Innocence nearly lost
By Kenneth Fine
Published in News on July 5, 2009 9:11 AM
Photo courtesy of Air Force Reserve Maj. Shannon Mann
Senior Airman Kristen Babicki, in her first week at Bagram Air Base, Afghanistan, reads to the little girl nearly killed when a fight broke out between the Taliban and Coalition forces near her home.
EDITOR'S NOTE: The names of the Afghan nationals in this story have been changed. The family was afraid that if it became common knowledge that they had spoken with the media or had sought help in an American base hospital, they would be targeted and killed.
BAGRAM AIR BASE, Afghanistan -- Alia didn't put herself in the fight.
She is only 7 years old.
But that didn't stop an explosion from nearly making her another casualty of Operation Enduring Freedom.
She was playing on the roof of her home in Afghanistan's Norstan province when a firefight broke out.
Moments later her father, Mahmoud, found her.
He thought about taking her to Kabul -- a trip that would have taken more than a day.
But luckily for that little girl, he stopped at a Coalition Forward Operating Base instead.
"She would have died," said Capt. Tina Raven-Kingson, one of the nurses now treating Alia at the Craig Joint Theater Hospital at Bagram Air Base. "She would have bled out and died."
Instead, the girl is now being read to every day by one volunteer while another brushes her hair.
She even managed a smile last week when Senior Airman Kristen Babicki showed her a sheet of Elmo stickers.
The hospital at Bagram was established as the last stop for Coalition troops before they are transported to the nearest hospital by medical evacuation teams.
But staff there would tell you that lately, Afghan nationals occupy many of the beds inside the facility.
Like the amputee with burns all over his face in a room down the hall from Alia -- and another with both legs blown off by a rocket-propelled grenade.
"I believe he's still in a coma," said Lt. Col. Elizabeth Coddington, the Intensive Care Unit flight commander. "We've had some sad cases here."
Many inside the clinic feel the humanitarian nature of Allied forces is lost in the mainstream media.
Mahmoud knows it exists.
"The bad thing about the fighting between the Coalition and Taliban is that innocent people are dying," he said through a Dari-to-English translator. "But if the Americans go, the whole country would be destroyed."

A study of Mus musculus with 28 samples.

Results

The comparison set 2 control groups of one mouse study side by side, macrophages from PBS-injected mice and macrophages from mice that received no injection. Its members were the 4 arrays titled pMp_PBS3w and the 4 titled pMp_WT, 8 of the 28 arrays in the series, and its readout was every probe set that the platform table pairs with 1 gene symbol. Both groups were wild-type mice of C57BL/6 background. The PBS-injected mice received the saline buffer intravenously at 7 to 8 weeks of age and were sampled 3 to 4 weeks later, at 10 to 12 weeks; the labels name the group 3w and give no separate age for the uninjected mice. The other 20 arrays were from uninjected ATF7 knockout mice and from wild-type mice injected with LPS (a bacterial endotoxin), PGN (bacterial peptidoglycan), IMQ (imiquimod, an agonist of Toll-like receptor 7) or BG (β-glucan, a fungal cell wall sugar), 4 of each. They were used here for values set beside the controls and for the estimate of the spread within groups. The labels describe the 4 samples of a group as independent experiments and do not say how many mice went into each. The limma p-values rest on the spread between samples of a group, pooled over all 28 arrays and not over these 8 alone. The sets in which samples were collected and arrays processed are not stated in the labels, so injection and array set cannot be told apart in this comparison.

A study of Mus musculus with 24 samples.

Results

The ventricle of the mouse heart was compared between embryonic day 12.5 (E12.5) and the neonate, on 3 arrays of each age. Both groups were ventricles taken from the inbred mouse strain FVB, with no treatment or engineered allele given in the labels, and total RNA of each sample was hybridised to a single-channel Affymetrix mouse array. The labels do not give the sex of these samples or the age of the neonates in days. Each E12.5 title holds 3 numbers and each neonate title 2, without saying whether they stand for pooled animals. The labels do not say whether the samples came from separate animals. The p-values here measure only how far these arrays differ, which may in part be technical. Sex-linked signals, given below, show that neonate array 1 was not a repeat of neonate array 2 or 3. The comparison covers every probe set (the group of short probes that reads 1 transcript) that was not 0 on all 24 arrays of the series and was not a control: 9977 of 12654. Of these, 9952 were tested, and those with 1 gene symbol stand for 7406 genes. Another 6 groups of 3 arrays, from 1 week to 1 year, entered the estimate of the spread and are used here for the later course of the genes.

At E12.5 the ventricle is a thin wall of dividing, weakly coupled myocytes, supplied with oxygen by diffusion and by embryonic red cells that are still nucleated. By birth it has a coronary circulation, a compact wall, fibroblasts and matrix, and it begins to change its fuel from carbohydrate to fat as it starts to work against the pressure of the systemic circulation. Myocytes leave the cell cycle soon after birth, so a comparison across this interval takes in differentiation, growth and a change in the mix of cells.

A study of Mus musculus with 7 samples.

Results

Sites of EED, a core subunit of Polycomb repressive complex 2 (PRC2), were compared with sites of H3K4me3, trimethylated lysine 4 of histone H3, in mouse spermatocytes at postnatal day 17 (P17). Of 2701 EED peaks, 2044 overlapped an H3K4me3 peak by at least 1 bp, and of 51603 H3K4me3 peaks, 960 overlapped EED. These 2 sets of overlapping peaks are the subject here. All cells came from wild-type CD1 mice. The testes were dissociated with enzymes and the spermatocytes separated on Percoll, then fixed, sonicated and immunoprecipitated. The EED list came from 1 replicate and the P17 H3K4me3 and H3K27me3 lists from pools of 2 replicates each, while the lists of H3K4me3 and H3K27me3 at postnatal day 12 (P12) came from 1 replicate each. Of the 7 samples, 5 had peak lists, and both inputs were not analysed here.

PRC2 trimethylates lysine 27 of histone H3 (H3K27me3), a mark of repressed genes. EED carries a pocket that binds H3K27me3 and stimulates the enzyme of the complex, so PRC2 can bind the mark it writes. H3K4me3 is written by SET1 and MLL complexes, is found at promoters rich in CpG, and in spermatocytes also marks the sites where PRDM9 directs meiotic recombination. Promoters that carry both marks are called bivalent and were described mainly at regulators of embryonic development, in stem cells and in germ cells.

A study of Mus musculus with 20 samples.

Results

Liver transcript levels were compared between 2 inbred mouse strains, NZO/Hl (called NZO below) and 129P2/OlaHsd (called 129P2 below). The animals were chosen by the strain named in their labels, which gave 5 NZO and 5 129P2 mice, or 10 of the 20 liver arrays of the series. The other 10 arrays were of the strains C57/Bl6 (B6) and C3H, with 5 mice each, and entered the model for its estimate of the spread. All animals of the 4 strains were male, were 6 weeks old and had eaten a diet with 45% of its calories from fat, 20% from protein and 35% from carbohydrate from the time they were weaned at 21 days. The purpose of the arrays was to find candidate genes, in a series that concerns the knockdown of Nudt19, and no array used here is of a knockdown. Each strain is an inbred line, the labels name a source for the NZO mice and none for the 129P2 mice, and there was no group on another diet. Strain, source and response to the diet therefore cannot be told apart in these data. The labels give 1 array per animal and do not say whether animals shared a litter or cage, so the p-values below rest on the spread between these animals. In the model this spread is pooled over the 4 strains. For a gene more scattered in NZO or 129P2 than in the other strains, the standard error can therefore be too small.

Stuffed animals, books and other items mean the world to the youngest victims of the war in Afghanistan.
And for the last several months, members of Seymour Johnson Air Force Base's own 336th Fighter Squadron -- and their family members -- have made sure they never want for them.
"All of the Americans are so humanitarian and kind," Mahmoud said. "They have good behavior with us."
"We try to make sure they have stuff to take with them when they go home," added 336th Tech. Sgt. Danielle Holloway, one of the 100 volunteers who grace the hospital halls at Bagram. "Whatever we can do, we do."
But the squadron is supporting America's fighting force just as fiercely -- with care packages complete with hygiene products, clothing and food.
And that support is certainly needed, as wounded troops are flown in daily via helicopters.
"A lot of times they come here and we have to cut their clothes off," Mrs. Coddington said. "They are either covered in blood or ripped up."
The hospital at Bagram is as close to state-of-the-art as you will find in a war theater.
It can house up to six patients in the trauma bay, has two operating rooms and employs many different kinds of doctors -- an orthopedic surgeon, general surgeon and a combat stress team complete with a psychologist and psychologist to deal with Post Traumatic Stress Disorder.
The only thing it lacks is an MRI.
The facility is manned by a joint force of Army and Air Force personnel and volunteers.
The average stay for Coalition troops injured on the battlefield is two days, at which point they are taken aboard a medical evacuation mission bound for Ramstein Air Force Base, Germany's Landstuhl Medical facility.
Afghan nationals are admitted on a case-by-case basis, depending on whether or not they pose a threat to the base.
Even some who do are treated there -- albeit under the watch of American guards.
There was no question about whether or not to treat Alia.
Even after her father confessed that the Taliban tried to intimidate his family.
"They kept telling her to say she was hurt by the Americans," her father said.
"If she had, they would have given the family money," Mrs. Coddington added.
Despite all she has been through over the past two weeks, Alia is going to be fine, the doctors say.
But until the Taliban is defeated, her father fears she will never be able to play like a little girl should.
"We just want the fighting to stop," he said. "We want the Taliban to be defeated so we can live our lives."